Not a Myth - Face ForWard Orthodontics

Do you get a full eight hours of sleep each night? Or are you lucky to get just a few? If you’re getting by on five or fewer hours of sleep each night and think you can still function and stay healthy, you might be surprised to know this is just a myth. It is also potentially deadly.

Researchers from the NYU School of Medicine took on this sleep myth and several others in a 2019 study about common beliefs about sleep.

Some of the topics they tackled included how much sleep we really need each night to stay healthy and whether snoring is harmless. They also investigated whether having an alcoholic drink to fall asleep is harmful.

“Getting enough sleep — and getting good quality sleep — are important to your overall health,” said Dr. Darin Ward, a Dallas, Texas, orthodontist.

Seven hours or more a night is recommended.

Sleep plays a vital role in health because it is when the body can restore its tissues and functions. It’s also when memories are organized, reasoning is honed and hormones are regulated.

“One of the hormones regulated during sleep is insulin. So, if you’re not getting to deep sleep, the slow-wave N3 non-REM levels of sleep, your chance of developing type 2 diabetes is increased,” Ward said.

When insulin is not regulated, the body does not know how to process sugars from food, and weight gain occurs.

“There’s a whole other list of concerns that exist with gaining weight and overall health,” Ward said.

Other hormones affected by a lack of sleep include serotonin, which can lead to mood issues such as depression and anxiety.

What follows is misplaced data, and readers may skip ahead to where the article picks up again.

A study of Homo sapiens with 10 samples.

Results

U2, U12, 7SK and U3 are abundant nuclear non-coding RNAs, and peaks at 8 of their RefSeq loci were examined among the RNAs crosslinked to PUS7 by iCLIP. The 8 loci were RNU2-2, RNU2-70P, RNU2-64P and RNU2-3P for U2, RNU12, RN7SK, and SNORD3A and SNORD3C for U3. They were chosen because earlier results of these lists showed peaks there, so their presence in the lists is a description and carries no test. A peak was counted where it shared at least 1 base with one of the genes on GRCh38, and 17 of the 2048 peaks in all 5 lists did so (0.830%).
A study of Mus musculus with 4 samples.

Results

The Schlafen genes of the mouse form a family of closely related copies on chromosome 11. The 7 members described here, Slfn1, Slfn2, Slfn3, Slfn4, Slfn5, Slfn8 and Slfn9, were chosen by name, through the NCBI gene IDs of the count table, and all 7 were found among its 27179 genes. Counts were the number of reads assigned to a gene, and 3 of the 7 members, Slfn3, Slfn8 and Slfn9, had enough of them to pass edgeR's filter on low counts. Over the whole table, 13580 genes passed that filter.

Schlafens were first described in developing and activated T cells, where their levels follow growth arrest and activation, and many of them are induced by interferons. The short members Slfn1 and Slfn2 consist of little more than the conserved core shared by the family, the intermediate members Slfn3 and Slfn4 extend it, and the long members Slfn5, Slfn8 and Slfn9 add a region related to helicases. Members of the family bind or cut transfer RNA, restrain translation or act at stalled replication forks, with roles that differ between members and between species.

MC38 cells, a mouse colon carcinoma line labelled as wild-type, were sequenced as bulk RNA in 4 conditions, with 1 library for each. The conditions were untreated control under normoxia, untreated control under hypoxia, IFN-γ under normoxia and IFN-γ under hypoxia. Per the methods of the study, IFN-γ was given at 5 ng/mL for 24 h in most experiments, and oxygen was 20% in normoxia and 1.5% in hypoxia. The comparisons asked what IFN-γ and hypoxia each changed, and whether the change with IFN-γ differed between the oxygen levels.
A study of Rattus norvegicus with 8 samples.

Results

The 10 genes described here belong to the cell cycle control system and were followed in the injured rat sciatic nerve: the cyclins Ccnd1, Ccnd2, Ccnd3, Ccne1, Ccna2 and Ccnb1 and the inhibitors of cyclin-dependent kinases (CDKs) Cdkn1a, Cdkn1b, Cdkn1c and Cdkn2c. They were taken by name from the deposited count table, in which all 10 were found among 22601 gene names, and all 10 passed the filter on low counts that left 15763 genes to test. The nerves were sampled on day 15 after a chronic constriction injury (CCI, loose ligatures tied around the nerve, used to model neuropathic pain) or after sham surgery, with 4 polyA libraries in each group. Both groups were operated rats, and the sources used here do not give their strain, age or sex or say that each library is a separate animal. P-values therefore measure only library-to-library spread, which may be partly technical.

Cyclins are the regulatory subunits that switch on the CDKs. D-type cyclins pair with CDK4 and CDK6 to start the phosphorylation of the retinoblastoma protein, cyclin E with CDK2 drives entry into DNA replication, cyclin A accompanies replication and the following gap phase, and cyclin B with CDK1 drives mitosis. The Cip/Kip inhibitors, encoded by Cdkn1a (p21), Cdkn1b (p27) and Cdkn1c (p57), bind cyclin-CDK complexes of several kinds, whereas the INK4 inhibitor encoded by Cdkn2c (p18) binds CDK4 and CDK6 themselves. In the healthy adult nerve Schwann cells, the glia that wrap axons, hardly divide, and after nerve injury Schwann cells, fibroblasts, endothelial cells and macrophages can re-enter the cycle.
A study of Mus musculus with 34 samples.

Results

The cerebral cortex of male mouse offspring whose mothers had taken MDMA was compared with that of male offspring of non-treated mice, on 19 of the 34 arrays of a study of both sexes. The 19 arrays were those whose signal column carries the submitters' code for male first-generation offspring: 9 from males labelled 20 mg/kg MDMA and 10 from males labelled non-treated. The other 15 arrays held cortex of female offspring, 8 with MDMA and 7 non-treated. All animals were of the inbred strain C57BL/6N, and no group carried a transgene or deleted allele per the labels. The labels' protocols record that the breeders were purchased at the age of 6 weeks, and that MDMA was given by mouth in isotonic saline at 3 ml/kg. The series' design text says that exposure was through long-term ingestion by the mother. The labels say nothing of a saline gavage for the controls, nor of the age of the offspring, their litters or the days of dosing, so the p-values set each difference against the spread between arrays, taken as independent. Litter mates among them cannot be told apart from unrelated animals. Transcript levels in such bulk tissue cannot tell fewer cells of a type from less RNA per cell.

Some studies have linked a lack of sleep to treatment-resistant depression and higher levels of anxiety in some individuals.

Growth hormones are also produced during sleep.

“When the body isn’t making growth hormone in childhood or adolescence, the result is children who are undersized compared to their peers,” Ward said.

One of the most common factors stopping people from getting enough good quality sleep is the sleep breathing disorder obstructive sleep apnea (OSA).

“OSA happens when the airway becomes blocked during sleep,” Ward said.

Airway blockages are usually caused by the tongue falling back into the airway as a result of a lower jaw that is set too far back, or from the muscles of the throat collapsing into the airway when the body is relaxed during sleep.

When the airway is blocked, breathing stops.

“This can happen hundreds of times per night in severe cases,” Ward said.

More than 22 million Americans are suspected of suffering from OSA, many of whom who are undiagnosed or untreated.

 

Source: NYU Langone Health / NYU School of Medicine. “Common sleep myths compromise good sleep and health.” ScienceDaily. ScienceDaily, 16 April 2019.